Remembering the 183 children who died in Sunderland tragedy

The 183 children who lost their lives in a tragedy which touched the world were remembered at an annual service.

Tuesday, 19th June 2018, 12:31 pm
Updated Tuesday, 19th June 2018, 2:40 pm
Children laid posies at the service

On June 16, 1883, a generation of Sunderland children lost their lives in a stampede for free toys at the old Victoria Hall theatre in Toward Road.

On Saturday, as they do on June 16 each year, local children and dignitaries gathered at the Victoria Hall memorial in Mowbray Park to pay their respects to those affected by the tragedy.

The service takes place each year at the Victoria Hall memorial in Mowbray Park


Pauline Hilton, treasurer with the society, said: “The service was attended by civic dignitaries, clergy and members of the public, but most poignant of all were the small children brought by their parents to lay the posies as a tribute to the 183 children so tragically lost in 1883.”

Raymond Davison said: “The service was just perfect - dignified and focused on those children who so sadly lost their lives in the Victoria Hall disaster.”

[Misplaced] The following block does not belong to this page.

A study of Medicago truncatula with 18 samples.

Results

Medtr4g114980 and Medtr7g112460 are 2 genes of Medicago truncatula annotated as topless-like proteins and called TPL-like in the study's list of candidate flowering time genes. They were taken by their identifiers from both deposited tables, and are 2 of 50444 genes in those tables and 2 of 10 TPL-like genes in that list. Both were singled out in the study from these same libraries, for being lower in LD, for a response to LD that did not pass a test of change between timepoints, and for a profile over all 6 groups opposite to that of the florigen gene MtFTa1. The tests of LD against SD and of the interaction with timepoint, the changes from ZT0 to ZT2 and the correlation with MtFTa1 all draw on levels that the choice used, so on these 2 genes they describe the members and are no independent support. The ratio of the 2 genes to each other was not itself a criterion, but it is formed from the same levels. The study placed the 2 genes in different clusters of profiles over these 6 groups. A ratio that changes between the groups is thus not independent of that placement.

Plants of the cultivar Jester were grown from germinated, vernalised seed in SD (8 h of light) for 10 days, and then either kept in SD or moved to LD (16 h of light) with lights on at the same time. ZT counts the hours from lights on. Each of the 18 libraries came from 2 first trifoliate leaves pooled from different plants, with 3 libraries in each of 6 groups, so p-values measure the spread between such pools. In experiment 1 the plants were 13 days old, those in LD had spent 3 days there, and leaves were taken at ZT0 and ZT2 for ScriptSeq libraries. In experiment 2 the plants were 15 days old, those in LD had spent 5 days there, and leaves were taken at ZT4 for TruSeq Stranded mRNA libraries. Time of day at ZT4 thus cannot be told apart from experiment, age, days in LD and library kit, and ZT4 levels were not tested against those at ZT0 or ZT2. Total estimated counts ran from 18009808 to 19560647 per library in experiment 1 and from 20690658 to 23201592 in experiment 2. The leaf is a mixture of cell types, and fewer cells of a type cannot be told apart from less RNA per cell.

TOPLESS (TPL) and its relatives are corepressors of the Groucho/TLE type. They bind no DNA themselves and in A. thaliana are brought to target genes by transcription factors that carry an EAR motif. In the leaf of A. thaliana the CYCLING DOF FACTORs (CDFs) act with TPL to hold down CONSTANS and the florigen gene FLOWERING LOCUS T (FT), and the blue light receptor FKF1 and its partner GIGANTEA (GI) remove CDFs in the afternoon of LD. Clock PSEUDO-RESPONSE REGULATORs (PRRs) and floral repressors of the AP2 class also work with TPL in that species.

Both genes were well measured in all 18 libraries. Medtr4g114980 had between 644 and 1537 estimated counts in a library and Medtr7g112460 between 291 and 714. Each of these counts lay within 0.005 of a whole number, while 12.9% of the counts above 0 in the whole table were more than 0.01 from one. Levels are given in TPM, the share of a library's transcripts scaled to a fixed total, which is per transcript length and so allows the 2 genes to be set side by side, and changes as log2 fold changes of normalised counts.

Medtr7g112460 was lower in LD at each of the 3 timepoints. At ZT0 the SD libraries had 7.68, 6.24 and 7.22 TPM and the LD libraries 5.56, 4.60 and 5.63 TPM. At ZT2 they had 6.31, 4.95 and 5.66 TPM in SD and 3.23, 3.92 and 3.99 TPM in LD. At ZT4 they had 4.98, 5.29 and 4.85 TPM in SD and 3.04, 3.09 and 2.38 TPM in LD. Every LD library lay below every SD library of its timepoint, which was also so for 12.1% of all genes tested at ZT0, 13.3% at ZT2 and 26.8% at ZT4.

On the fateful day in 1883, hundreds of children gathered at the Victoria Hall in Toward Road for a variety show billed as the ‘Greatest Treat for Children Ever Given.’ But 183 children would never return home after perishing in a stampede for toys.

Only a few adults had been able to afford tickets for themselves at the sold-out event, so no one was there to restrain the happy youngsters who raced from the gallery to try and win a new toy.

Tragically, a door at the bottom of the stairs from the gallery had been bolted ajar, leaving just enough space – 22 inches – for one person to squeeze through at a time and the children died in a heap after being crushed.

It became one of the worst catastrophes in the world involving children, which left Sunderland in mourning and changed laws around exit and fire doors in public buildings.

The Victoria Hall remained in use until 1941 when it was destroyed by a German parachute bomb.

Last week, people and schoolchildren across the city also took part in an art project to create 183 hand-painted jars in memory of each of the victims.